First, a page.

SOUTH SHORE — A South Shore mother, baker and breast cancer survivor’s new nonprofit will hold a fundraising walk Saturday, as she begins to offer mentorship and awareness programs for women to battle the disease.
The inaugural Be Sure Walk for the Cure takes place 7:30 a.m. Saturday at the South Shore Cultural Center, 7059 S. South Shore Drive.
Tickets are $45 and will fund support groups for women and early detection awareness campaigns, nonprofit founder Kourtney Lewis said. To register, click here.
Lewis was first diagnosed with cancer at 21. After a second diagnosis in her early 30s, she received a double mastectomy and has since “been recovering well,” she said.
“Early detection was the way that I found both lumps in my breast,” Lewis said. “The regular age [to start receiving] mammograms is 40 to 45. Because I wasn’t supposed to have mammograms, if I hadn’t been doing my own self-breast exams, I don’t know what the end result of the diagnosis would have been.”
Lewis’ nonprofit, Be Sure, has a four-person board that includes her mother, Paula Lee-Rosario. Lee-Rosario organized a drive-by birthday party for Lewis as she underwent chemotherapy last April.
The organization will hold its first mentorship and support group meeting in November at Advocate Trinity Hospital, 2320 E. 93rd St. Registration will be available through the nonprofit’s website, which is under construction.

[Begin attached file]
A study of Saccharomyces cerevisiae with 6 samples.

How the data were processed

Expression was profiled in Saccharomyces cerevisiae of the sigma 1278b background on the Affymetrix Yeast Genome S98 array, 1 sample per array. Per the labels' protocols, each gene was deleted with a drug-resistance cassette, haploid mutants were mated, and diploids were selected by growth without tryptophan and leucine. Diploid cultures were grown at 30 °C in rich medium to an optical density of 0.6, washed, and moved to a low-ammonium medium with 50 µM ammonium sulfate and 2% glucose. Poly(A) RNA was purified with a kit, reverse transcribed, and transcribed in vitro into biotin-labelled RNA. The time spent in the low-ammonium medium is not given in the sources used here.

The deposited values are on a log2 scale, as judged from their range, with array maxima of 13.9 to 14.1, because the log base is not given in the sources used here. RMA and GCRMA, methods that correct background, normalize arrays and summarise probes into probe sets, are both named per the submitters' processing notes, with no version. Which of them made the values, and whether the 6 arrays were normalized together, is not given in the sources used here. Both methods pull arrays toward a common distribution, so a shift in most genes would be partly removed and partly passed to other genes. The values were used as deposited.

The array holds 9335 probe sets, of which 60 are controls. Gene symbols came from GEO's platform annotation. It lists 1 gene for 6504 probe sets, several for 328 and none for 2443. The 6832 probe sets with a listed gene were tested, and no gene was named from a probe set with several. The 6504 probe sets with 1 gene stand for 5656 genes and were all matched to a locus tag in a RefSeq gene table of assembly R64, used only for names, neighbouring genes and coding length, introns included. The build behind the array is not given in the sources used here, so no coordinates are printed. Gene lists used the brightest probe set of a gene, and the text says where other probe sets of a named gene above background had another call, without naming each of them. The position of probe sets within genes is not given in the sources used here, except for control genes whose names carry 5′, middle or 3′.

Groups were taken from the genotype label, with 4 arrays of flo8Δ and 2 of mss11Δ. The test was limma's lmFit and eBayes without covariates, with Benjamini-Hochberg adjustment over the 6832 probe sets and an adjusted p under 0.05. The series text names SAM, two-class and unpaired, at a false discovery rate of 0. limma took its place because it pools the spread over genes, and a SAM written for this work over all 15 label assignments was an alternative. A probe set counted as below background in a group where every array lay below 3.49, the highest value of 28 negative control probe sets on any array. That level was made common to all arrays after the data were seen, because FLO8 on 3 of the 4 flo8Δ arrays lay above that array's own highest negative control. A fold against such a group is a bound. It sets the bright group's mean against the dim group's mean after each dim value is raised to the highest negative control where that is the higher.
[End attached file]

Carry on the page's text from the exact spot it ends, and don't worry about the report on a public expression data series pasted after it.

Advocate Trinity representatives will be at Saturday’s walk, Lewis said. She’s received treatment for her breast cancer at the hospital and has worked with the Advocate health care network on awareness programs and events, she said.
Lewis, an educator and baker whose “Blend Family Recipes” have been sold at Chef Sara’s Cafe in South Shore, said she is “so new” to running a nonprofit.
With that in mind, Lewis is working to register with donation site Charity Navigator to make donations to the nonprofit more transparent.
She encouraged attendees of Saturday’s walk and community members to offer advice on what financial transparency means to them.
“When the people talk to you, you get input and suggestions that you might not have thought about,” Lewis said. “I’m not someone that minds anyone’s opinions, input or suggestions.”